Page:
In 1982, NBC introduced the world to Michael Knight, the fictional high-tech crime fighter played by David Hasselhoff and assisted by KITT, an artificially intelligent, self-aware car that the driver could have full-blown conversations with.
Now, 35 years on, it would appear we are finally getting the talking smart car fans have been crying out for decades and it’s all thanks to Toyota.
The Japanese motoring giant has just unveiled its most innovative concept car yet: a car that can read the emotions of the driver, chat with them and, if necessary, take over the controls.
Artificial intelligence is going to be a big deal in the future for Toyota, who seem intent on having us all driving our own versions of KITT in the near future – minus the dulcet tones of actor William Daniels, the man who voiced the car on the show and went on to star as firm-but-fair teacher and neighbour Mr. George Feeny on Boy Meets World.
Toyota look set to unveil a whole range of battery powered Concept-I vehicles at the Tokyo Motor Show, including the smaller Concept-I RIDE, a smaller car that’s suitable for people with limited mobility.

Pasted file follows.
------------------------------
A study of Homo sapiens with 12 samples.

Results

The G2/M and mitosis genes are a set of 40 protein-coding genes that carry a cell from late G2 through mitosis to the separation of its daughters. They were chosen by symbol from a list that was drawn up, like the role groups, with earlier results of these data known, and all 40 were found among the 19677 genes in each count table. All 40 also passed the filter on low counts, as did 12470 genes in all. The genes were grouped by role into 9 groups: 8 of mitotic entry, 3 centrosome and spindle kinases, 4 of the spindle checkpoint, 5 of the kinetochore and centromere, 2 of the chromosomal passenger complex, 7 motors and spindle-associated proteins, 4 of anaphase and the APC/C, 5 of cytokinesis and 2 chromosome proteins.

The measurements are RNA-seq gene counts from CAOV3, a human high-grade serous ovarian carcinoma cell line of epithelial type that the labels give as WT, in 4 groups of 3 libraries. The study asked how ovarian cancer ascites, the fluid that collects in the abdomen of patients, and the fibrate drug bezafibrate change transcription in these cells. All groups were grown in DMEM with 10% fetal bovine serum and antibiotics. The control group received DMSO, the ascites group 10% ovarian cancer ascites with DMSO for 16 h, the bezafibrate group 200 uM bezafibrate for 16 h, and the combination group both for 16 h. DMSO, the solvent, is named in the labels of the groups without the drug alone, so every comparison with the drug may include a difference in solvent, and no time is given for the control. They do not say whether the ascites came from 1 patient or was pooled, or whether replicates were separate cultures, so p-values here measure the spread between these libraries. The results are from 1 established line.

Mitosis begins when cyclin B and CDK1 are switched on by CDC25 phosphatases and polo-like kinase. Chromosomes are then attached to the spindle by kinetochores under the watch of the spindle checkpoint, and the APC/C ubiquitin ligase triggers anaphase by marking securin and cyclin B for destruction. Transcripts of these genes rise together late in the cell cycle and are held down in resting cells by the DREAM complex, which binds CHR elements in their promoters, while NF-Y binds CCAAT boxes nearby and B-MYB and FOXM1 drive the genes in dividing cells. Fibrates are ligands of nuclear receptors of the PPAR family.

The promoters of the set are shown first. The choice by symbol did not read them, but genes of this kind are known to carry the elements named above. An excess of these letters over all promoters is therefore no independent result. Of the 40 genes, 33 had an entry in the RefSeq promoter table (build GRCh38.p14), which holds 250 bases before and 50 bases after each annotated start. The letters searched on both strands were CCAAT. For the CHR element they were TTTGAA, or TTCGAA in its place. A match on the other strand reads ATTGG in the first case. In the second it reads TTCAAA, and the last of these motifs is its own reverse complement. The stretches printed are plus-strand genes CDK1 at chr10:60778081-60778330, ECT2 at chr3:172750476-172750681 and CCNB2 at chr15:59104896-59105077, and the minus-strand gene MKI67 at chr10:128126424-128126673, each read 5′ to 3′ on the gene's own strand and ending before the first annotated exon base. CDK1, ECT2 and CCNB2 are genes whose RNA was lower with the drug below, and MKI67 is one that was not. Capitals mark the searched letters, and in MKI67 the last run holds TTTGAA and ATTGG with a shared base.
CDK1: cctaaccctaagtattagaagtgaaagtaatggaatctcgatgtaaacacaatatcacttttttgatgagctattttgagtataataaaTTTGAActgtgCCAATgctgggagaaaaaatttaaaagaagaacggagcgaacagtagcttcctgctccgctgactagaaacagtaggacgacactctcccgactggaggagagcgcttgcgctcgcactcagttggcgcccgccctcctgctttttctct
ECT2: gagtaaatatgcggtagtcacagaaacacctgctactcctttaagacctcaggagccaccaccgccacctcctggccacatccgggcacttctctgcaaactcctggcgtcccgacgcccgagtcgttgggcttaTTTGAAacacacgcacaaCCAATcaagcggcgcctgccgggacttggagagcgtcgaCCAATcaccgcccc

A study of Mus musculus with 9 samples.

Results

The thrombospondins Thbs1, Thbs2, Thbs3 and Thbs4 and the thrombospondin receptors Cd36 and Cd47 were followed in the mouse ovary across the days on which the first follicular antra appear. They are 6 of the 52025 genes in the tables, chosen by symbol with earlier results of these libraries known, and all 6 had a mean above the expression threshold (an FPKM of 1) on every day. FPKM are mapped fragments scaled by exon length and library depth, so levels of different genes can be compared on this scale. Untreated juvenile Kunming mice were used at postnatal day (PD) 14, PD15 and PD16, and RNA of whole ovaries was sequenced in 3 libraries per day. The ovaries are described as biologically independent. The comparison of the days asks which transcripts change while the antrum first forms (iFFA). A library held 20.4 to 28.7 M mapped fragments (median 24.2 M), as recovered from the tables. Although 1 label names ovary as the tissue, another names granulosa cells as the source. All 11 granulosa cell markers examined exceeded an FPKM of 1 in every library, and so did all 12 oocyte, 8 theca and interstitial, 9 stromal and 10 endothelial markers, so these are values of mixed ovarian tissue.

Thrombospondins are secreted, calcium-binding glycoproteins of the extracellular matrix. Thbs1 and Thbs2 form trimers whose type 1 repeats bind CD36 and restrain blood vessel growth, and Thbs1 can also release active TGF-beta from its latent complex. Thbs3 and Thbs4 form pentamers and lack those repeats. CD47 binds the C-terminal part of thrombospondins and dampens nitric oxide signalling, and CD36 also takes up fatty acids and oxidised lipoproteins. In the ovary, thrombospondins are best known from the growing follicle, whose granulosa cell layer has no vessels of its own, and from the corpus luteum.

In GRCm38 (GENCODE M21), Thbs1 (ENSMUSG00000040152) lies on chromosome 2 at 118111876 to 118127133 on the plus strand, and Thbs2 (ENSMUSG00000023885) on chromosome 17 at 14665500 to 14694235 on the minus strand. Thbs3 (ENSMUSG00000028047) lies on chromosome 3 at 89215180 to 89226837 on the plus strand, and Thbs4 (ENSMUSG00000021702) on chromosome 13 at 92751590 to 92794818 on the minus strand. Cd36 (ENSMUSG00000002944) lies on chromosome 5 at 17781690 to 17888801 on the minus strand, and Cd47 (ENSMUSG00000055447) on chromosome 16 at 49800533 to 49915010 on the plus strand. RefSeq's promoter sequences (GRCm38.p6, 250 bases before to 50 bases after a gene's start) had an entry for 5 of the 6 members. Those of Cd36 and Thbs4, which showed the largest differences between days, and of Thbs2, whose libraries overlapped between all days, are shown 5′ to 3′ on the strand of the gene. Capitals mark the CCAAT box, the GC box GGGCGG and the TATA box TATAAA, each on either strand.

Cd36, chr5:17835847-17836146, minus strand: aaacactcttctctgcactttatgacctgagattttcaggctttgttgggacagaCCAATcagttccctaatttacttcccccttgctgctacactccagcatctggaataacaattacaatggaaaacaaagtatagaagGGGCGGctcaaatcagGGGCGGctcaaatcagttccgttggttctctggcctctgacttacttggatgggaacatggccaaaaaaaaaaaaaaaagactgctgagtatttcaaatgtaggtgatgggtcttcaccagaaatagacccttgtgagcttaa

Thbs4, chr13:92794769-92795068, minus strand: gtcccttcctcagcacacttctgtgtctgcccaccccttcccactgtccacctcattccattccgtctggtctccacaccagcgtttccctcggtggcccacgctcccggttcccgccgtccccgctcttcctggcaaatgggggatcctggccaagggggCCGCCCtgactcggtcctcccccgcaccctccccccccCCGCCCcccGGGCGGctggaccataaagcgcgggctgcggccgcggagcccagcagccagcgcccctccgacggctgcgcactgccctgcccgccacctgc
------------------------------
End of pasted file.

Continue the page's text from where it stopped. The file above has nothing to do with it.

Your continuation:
The Concept-I WALK will also be presented to the public and has bee designed for safe use on pavements among fellow pedestrians.
All three vehicles will utilise AI technology to help the cars “understand their drivers, allowing people and cars to become partners who can learn and develop with each other”
Utilising cameras built into the car’s interior, the vehicles will be able to gauge a driver’s alertness and emotional state, assessing their expressions, actions and even tone of voice.
If the car deems the driver to be in a dangerous or stressed state, it can even take over control of the car. There’s a fun element to proceedings too – drivers will be able to have conversations with their car which be designed to boost mood and help the owner maintain a positive state of mind.
Still no word on whether the car will boast the same molecular bonded shell or turbo boost KITT had. It’s not looking likely though.